India mutiny epic open in cinemas
Aamir Khan in The Rising
Aamir Khan plays Mangal Pandey, an Indian soldier
One of India's most awaited films, Mangal Pandey - The Rising starring Bollywood star Aamir Khan, has opened in cinemas in India and UK.

Actor and producer Khan's film is set against the backdrop of the Indian mutiny of 1857, with British actor Toby Stephens in a key role.

Costing about $10m, it is shot in both Hindi and English, and aimed at the international box office.

The Rising is based on an 1857 uprising by Indian soldiers.

Hindu and Muslim soldiers revolted against the British East India Company, over fears that gun cartridges were greased with animal fat forbidden by their religions.

The film is a combination of recorded facts, folklore and the writer's imagination
Aamir Khan

This is the first major film dealing with the mutiny - though the subject was reflected in the 1935 US feature Clive of India, on the life of Robert Clive, the 18th century British soldier and politician.

In India the mutiny is often described as the first war of independence.

The Rising is directed by Indian filmmaker Ketan Mehta and also stars Bollywood actress Rani Mukherjee.

It is the first Aamir Khan release in four years, of which he spent two years working on this period epic.

The film has been scripted by writer Farrukh Dhondy, a former commissioning editor at Channel 4, and set to music by top Indian composer AR Rahman.

With eight song and dance numbers The Rising is just under 150 minutes long - not very long by Bollywood standards where over three-hour-long song and dance extravaganzas are routine.

Epic tale

The film was shot on sets in the western Indian city of Mumbai (Bombay) and a tiny Tajikistan village near the Afghanistan border where the final scenes were completed.

A scene from The Rising
Toby Stephens plays a key role in The Rising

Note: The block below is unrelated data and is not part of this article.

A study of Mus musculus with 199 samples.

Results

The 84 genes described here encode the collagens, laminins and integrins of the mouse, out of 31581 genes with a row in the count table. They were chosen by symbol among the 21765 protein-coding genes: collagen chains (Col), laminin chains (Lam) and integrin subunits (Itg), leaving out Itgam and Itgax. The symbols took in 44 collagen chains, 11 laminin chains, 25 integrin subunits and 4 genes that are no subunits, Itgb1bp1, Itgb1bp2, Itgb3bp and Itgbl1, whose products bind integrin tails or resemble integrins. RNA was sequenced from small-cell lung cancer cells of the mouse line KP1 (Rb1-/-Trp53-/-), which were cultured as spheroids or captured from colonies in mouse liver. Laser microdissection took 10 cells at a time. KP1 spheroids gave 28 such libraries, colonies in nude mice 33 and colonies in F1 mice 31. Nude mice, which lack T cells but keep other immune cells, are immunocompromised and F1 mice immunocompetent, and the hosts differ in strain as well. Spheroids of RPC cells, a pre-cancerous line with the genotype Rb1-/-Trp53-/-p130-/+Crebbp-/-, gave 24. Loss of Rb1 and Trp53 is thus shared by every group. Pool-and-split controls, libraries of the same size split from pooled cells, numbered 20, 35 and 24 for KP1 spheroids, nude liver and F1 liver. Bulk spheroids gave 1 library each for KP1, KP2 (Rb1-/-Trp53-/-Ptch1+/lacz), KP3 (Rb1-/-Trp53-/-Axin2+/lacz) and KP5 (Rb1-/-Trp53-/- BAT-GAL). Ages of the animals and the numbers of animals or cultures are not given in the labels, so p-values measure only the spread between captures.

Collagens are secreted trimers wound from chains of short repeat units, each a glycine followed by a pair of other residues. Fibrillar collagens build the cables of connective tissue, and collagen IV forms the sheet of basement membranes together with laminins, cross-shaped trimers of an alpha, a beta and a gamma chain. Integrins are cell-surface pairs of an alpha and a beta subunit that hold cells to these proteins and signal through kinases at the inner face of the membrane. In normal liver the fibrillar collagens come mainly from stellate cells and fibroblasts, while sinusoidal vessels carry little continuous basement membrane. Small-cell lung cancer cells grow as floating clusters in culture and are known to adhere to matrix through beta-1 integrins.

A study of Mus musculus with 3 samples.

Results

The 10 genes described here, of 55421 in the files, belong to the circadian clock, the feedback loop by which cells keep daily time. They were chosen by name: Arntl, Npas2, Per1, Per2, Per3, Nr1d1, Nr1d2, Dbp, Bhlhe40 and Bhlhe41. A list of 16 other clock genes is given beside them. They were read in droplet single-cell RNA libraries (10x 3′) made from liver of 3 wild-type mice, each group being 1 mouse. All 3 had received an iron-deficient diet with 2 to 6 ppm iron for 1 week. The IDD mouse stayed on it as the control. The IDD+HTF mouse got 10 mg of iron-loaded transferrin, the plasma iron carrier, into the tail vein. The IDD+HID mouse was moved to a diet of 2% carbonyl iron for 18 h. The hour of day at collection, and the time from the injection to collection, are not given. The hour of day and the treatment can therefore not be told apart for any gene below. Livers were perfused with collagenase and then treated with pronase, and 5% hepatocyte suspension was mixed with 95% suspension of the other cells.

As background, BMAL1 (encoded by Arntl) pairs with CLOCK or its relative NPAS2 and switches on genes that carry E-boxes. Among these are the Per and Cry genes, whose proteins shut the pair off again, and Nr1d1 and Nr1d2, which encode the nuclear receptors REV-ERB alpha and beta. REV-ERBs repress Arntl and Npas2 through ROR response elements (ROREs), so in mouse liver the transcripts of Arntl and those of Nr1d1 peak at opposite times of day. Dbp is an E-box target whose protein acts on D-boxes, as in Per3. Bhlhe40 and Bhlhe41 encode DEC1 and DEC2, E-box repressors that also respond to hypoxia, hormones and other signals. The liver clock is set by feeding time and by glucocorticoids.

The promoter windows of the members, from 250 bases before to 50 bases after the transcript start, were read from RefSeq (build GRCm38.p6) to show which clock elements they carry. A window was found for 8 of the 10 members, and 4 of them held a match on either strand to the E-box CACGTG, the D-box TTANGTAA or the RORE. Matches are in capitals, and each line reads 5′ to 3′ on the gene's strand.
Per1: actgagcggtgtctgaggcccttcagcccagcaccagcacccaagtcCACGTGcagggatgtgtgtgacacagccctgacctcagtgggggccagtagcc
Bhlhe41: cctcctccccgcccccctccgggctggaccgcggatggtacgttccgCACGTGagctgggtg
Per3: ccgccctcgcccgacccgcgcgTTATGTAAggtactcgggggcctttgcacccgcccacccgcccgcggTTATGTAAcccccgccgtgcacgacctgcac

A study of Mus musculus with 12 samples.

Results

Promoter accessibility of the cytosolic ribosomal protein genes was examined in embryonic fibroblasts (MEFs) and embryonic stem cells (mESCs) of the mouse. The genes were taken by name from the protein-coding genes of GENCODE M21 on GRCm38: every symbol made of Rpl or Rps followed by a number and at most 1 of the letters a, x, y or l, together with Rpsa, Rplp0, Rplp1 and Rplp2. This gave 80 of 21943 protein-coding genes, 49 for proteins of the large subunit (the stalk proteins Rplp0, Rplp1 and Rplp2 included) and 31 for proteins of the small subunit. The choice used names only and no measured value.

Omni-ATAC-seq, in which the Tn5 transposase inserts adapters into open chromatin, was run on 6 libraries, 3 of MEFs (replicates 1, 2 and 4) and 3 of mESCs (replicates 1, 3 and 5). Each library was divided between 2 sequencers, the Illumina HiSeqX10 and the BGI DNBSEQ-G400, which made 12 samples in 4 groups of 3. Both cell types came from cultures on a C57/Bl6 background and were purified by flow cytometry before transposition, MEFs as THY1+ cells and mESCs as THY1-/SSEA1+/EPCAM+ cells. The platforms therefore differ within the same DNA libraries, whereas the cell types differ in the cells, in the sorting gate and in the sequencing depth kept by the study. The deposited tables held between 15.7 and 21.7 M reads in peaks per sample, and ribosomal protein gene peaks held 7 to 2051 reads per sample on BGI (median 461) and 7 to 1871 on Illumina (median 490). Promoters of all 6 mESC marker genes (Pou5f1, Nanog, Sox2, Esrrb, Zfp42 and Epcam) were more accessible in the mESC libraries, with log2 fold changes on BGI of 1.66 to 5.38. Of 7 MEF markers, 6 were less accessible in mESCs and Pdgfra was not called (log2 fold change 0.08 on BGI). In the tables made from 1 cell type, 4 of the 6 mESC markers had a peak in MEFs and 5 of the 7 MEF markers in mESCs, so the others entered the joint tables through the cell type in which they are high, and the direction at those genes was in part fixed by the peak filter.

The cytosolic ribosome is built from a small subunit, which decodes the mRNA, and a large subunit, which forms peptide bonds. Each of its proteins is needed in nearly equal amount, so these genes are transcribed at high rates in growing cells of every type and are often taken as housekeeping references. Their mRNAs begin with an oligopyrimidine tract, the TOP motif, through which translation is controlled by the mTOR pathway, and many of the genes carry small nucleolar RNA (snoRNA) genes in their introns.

Khan, sporting a handlebar moustache and long hair, plays Mangal Pandey who, according to Indian popular history and legend, triggered the first Indian rebellion against the British.

The British ruled India for 200 years until the country's independence in 1947.

The film's publicity describes The Rising as "an epic tale of friendship, betrayal, love and sacrifice set against the backdrop of what the British called the sepoy mutiny but which for Indians was the First War of Independence".

Mangal Pandey was eventually executed for his role in the uprising.

Rani Mukherjee in The Rising
Top Bollywood actress Rani Mukherjee plays a prostitute
However, a leading Indian historian has expressed reservations about Mangal Pandey's role in the rebellion.

"Even 148 years after the event and after a considerable amount of research on the subject, we have little or no precise knowledge about Mangal Pandey," says Rudrangshu Mukherjee.

"There is no record about where he came from. Who were his parents? Was he married? When was he recruited and by whom?

"Answers to all these questions are unknown and speculative."

Aamir Khan calls it a realistic film which brings to alive a true story.

"It has a lot of resonance in today's world too," he told the BBC during the shooting.

Still from The Rising
The film is big on spectacle
"The film is a combination of recorded facts, folklore and the writer's imagination. All the major events shown in the film are from recorded fact," Khan writes in a blog on the film.

"Some characters are fictional, and Mangal's personal life is fictional. He stands for rebellion against foreign oppression, and gave up his life to fulfil his dream."

Khan says he read up letters, books and memoirs about the period before beginning work on The Rising.

'Lot of research'

Director Ketan Mehta told the BBC that the film took long to complete because of a "lot of research that went into the production".

"We completed the shooting in six months. But the production and post-production work took very long."

Shooting began in Mumbai in November 2003 when the Prince of Wales, visiting India at that time, snapped the clapperboard on the sets.

Khan, 40, is no stranger to period epics - his last film which he starred and produced Lagaan (Land Tax), a near four-hour-long colonial extravaganza built around a rousing cricket match was a huge hit and India's third-ever Oscar nomination.